Supreme Court rules against 'straw' gun purchases

In 'Abramski v. United States,' the Supreme Court ruled it illegal for a gun purchaser to buy a firearm for someone else.

By Gabrielle Levy
Supreme Court rules against 'straw' gun purchases
UPI/Brian Kersey | License Photo

WASHINGTON, June 16 (UPI) -- The Supreme Court Monday made it harder for people to hide gun purchases, ruling it illegal for a legal gun owner to buy a firearm on behalf of someone else.

Writing the majority opinion in the 5-4 decision in Abramski v. United States, Justice Elena Kagan said gun purchasers may not act as "straw purchasers," making it a crime to buy guns on behalf of third parties while claiming to make the purchase for personal use.


"No piece of information is more important under federal law than the identity of a gun's purchaser -- the person who acquires a gun as a result of a transaction with a licensed dealer," Kagan said. Instead, she wrote, the real purchaser must be correctly identified on the form and be present to make the purchase.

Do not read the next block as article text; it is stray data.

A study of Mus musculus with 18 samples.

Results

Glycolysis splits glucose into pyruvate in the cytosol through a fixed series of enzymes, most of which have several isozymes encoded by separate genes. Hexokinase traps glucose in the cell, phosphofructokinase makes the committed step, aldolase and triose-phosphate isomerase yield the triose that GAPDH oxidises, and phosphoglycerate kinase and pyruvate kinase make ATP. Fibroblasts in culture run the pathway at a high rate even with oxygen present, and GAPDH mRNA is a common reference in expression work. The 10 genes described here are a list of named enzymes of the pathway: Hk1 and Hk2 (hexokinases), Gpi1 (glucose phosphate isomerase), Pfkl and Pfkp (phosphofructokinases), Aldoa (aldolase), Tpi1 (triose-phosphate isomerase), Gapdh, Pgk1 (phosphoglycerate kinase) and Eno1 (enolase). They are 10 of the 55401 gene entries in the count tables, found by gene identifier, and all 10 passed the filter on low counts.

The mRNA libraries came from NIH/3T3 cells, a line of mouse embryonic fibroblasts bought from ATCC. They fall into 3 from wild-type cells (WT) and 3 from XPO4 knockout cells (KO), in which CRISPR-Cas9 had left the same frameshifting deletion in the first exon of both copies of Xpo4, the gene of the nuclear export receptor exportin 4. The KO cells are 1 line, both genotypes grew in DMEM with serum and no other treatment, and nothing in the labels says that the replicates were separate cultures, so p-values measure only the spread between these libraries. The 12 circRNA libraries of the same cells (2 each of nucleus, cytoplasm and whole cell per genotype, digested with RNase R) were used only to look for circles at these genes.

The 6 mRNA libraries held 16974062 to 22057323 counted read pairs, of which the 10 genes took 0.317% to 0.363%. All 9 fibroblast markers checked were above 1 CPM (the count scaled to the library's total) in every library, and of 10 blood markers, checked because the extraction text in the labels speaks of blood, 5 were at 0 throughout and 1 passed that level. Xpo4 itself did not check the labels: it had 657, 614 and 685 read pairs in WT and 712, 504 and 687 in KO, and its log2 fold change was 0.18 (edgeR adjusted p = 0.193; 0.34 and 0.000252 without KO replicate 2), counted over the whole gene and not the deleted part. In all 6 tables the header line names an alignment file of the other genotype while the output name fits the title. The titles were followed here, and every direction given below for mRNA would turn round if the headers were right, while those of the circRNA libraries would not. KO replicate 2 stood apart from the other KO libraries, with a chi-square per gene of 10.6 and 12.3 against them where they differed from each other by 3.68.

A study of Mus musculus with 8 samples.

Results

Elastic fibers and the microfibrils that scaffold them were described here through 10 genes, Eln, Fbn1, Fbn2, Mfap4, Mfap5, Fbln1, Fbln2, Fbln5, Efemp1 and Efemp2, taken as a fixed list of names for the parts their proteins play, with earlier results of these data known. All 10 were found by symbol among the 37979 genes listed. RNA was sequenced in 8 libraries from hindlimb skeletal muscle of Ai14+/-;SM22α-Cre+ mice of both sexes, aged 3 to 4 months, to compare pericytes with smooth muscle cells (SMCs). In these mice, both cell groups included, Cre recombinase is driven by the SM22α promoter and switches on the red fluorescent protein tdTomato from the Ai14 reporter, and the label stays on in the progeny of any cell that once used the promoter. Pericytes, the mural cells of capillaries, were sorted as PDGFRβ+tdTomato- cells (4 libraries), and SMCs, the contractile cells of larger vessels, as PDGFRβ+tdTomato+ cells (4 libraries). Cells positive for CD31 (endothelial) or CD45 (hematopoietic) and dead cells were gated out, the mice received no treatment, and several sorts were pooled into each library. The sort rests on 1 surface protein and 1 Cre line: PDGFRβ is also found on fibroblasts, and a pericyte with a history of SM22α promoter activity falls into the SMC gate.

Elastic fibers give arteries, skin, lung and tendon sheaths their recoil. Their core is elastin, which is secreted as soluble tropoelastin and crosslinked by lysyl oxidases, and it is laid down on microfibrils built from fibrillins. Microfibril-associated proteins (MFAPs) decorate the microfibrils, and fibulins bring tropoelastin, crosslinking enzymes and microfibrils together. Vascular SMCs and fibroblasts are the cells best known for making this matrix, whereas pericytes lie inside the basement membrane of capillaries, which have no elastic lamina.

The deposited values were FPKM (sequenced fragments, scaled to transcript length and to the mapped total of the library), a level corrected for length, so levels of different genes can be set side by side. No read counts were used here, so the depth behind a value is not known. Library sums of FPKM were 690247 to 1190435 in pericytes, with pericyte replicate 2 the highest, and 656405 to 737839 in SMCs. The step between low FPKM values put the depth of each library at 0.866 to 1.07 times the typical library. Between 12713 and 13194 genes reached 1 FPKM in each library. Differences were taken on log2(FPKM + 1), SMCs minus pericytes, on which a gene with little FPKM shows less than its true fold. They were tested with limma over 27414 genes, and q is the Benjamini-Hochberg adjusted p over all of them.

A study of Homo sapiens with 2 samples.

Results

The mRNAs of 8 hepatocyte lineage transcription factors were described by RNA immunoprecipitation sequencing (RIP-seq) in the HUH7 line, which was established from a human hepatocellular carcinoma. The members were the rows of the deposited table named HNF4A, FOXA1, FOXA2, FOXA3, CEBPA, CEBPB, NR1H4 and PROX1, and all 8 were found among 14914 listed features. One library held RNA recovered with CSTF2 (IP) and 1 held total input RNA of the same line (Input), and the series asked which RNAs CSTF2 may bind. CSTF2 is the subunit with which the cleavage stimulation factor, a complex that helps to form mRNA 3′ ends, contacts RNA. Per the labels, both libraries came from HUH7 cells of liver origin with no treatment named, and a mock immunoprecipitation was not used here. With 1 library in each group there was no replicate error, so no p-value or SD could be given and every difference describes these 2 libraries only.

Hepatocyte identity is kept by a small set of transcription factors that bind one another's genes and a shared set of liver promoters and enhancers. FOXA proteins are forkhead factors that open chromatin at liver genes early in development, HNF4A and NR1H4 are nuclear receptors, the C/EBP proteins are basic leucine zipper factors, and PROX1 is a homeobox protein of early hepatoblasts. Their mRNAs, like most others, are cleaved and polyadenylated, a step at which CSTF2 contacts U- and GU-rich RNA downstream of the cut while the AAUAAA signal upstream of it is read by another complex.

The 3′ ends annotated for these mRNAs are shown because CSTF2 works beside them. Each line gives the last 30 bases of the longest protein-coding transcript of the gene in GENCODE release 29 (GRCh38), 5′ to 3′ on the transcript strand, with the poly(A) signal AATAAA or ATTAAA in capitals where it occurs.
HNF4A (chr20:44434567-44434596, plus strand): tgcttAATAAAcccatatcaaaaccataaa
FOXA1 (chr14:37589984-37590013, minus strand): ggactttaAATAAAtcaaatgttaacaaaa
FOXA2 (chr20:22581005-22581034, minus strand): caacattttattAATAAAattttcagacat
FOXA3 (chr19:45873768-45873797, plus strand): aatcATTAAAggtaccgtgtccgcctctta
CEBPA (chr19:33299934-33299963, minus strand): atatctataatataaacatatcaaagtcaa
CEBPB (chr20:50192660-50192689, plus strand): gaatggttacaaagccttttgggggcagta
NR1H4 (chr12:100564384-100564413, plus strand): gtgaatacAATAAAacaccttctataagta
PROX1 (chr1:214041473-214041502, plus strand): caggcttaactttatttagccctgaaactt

Kagan's opinion was joined by Justices Stephen Breyer, Ruth Bader Ginsburg, Anthony Kennedy and Sonia Sotomayor.



"Whether or not that is a sensible result, the statutes Congress enacted to do not support it -- especially when, as is appropriate, we resolve ambiguity in those statues in favor of the accused."

Scalia was joined in his dissent by Chief Justice John Roberts and Justices Samuel Alito and Clarence Thomas.


Alvarez sent a check for $400 to Abramski, who then went to a gun dealer and wrote "yes" on a required form claiming he was the actual purchaser. Abramski was sentenced to three years of probation.